Our weekly focus on the moving image and art in the streets. And other oddities.
1. Grand Opening of “TALKING…& OTHER BANANA SKINS / UNARTIG
2. Footprint by The Krank
3. Six N. Five: “The circle”
BSA Special Feature: Grand Opening of “TALKING…& OTHER BANANA SKINS / UNARTIG
TALKING… & OTHER BANANA SKINS
In the UK and English-speaking Europe, the term “banana skins” means a sudden unexpected situation that makes a person appear silly or causes them some difficulty. We have no idea what it means in the US because we’ve never heard the saying. To paraphrase, you could slip and make a sudden problem with your words these days.
At Urban Nation this weekend, a new show aims to broadly address the fact that attitudes are so polarized today that almost any opinion threatens to antagonize someone else and start a heated discussion. With a wide range of artworks expressing different viewpoints in vastly different ways, UN encourages visitors to question some of our perspectives. When it comes to graffiti and street art and nearly six decades of history in cities worldwide, you are guaranteed many views will be expressed.
“Conflicts and issues are multi-faceted, not to be pigeonholed,” says curator Michele Houston and the team who are mixing permanent collection pieces with brand new ones. “The artworks presented in the eight chapters of the exhibition are asking how and what is being communicated within society and the urban environment,” she says. “-Putting exchange and dialogue back at the center.”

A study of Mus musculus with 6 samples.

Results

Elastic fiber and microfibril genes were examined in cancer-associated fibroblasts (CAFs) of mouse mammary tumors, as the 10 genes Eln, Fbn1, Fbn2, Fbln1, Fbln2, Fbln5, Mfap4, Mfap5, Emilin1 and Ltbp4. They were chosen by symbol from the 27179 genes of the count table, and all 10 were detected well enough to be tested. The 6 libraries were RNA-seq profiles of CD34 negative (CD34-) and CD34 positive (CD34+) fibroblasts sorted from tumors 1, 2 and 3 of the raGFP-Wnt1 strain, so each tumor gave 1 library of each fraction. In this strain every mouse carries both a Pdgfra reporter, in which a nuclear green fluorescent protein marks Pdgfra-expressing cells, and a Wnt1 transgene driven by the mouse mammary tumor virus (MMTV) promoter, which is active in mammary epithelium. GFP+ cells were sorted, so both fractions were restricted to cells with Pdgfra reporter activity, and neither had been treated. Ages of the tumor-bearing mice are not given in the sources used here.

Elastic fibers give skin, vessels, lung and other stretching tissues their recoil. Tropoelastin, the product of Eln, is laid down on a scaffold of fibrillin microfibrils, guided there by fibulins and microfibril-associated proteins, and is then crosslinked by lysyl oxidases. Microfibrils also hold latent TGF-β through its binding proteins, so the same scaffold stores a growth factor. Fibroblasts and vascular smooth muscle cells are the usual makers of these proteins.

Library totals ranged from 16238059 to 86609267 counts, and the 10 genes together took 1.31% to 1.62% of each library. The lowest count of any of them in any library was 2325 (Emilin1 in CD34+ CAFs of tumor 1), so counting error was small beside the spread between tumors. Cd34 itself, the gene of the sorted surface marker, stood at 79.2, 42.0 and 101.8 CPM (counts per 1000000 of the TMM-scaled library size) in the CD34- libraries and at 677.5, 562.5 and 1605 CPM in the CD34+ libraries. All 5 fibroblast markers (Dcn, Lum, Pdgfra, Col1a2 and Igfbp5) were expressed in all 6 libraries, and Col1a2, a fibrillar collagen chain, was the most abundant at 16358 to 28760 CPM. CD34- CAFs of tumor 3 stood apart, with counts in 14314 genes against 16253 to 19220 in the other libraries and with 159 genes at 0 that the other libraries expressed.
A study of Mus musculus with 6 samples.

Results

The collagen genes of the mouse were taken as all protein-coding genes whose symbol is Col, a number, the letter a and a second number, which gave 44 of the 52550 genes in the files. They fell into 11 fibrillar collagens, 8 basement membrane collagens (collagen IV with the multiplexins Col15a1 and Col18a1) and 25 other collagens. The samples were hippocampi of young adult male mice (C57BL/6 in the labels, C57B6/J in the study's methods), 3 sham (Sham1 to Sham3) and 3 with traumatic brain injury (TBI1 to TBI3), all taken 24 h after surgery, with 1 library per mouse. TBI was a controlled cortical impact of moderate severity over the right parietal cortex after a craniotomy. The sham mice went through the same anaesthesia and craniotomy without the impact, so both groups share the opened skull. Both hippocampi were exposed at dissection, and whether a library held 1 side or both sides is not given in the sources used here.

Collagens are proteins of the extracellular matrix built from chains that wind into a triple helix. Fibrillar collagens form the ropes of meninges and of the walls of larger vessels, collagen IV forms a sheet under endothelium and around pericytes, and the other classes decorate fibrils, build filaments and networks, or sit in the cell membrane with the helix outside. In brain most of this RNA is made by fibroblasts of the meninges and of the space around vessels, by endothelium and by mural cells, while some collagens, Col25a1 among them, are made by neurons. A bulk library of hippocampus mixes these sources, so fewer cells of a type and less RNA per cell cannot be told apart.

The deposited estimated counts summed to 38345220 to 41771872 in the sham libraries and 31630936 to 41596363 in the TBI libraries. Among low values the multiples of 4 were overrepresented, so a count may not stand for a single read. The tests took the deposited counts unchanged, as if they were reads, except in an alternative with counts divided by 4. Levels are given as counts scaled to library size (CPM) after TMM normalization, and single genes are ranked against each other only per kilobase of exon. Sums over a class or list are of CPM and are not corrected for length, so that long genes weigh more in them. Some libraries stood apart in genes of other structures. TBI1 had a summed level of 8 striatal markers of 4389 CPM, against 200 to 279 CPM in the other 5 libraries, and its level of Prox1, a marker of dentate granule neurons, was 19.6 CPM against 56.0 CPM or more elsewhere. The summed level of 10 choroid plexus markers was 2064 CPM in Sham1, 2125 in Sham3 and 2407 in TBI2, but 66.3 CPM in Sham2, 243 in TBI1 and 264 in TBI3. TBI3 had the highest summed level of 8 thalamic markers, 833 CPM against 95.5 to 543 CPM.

Footprint by The Krank
How big is your footprint? A new one on the island of Paxos, Greece is 1.000m2.
“Footprint’ deals with the meaning of loss. Nature, ecosystems, and biodiversity are all in a variable state with a negative sign. The parallelism that emerges through the impermanence of my work, and our presence as a species, reinforces the message I wanted to communicate. Everything is fluid, and nothing should be taken for granted.” – The Krank
Six N. Five: “The circle”
Part of the Moco Museum in Amsterdam and Barcelona, this short film by Ezequiel Pini of Six n. Five is ‘an introspective journey of wonder and imagination through these glimpses of time.’